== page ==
Blend market opportunity with your experience and passion
As the practice of law continues to develop into a more complex machine, it is becoming advisable for lawyers to choose their niche and become a specialist in a particular field. Finding your legal practice niche could lead to a more in-depth understanding of an aspect of the law that most interests you, an increase in clients, career longevity, and ultimately, more fees. Having a focus isn’t enough anymore, now your focus must be focused. The issue isn’t whether to specialize, it’s what to specialize in.
Is there an under represented or fringe group that requires specialized attention and someone to fight for their rights? Determine a unique or highly marketable group that needs someone to represent not just a single person, but an entire cause.
Consider the community of your practice. If you live in a large city, there is a broad range of options. You can join a law firm and your specialty might be built into the demands of the firm’s existing clients. Practices that require volume in large cities have numbers on their side; more clients mean a greater need for a specialty. With the right specialty, potential clients will travel to you to seek out your council. If you live in a small town, there might not be the need for a certain practice. Small town niches should reflect the needs of the community, such as small businesses law or property concerns.
Try and identify where the market opportunity and your interests intersect. Does criminal law excite you? If so, do you practice in an area that is near a certain type of court? Perhaps your town is a the hub of Municipal cases. Perhaps your town is a hub for Federal district-wide white collar cases. Which side do you prefer to represent? These are all things that you should take into account to help identify your niche. Take malpractice for instance, you can focus on one specific type of doctor. Perhaps you transition from the crowded medical malpractice space to a dental malpractice practice. Think about what inspired you to pursue law in the first place; this inspiration might be the niche for you. This interest or passion might help fuel you through long nights and potential redundancies in caseloads. Become a master in the field you enjoy, then find a market opportunity that allows you to narrow it down.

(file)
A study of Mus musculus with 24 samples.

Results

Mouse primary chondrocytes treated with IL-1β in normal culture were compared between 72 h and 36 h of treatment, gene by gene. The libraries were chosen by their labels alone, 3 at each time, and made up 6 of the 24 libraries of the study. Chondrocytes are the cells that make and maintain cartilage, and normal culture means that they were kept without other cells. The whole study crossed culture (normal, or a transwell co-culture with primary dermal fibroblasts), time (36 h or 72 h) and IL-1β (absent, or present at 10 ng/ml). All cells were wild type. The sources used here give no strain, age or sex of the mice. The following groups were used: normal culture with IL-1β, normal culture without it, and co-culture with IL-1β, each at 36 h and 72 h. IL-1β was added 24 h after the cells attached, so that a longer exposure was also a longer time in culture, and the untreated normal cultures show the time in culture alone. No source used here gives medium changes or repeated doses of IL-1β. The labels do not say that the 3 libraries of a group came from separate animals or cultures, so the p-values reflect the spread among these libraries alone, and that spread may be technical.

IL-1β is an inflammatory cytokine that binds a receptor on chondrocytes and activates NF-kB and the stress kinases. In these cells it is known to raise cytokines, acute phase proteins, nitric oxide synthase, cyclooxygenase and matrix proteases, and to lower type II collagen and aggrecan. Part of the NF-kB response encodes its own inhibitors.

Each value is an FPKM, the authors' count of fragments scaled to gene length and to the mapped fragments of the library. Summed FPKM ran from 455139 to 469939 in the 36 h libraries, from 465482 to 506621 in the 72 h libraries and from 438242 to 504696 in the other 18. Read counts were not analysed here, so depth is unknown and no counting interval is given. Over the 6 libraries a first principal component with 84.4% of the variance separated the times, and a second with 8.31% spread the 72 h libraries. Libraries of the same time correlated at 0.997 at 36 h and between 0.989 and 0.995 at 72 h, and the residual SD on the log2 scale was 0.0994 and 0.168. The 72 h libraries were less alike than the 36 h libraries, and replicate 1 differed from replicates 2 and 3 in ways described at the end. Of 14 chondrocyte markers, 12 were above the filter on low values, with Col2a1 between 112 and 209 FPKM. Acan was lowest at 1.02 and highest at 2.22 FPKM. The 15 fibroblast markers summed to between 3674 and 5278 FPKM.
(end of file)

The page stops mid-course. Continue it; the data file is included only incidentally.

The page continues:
Finding your niche might be a leap of faith. Project what will be the next big legal hurdle and you could potentially form a stronghold, resulting in an extremely positive response to your findings. For instance, 40 years ago, insurance fraud wasn’t the behemoth it is today. Attorneys who shifted their practice or fell into the space found an opportunity that provided a sustainable career path.
The legal organization that you work for might help determine your specialty as well. Depending on the needs of your firm and the background of your experience, you may get called on to help on the next big Philadelphia patent infringement case. The needs of your law firm and community set the stage for your niche, but only your passion can influence the decision. Find your niche by figuring out how you can best serve yourself so you can best serve the law.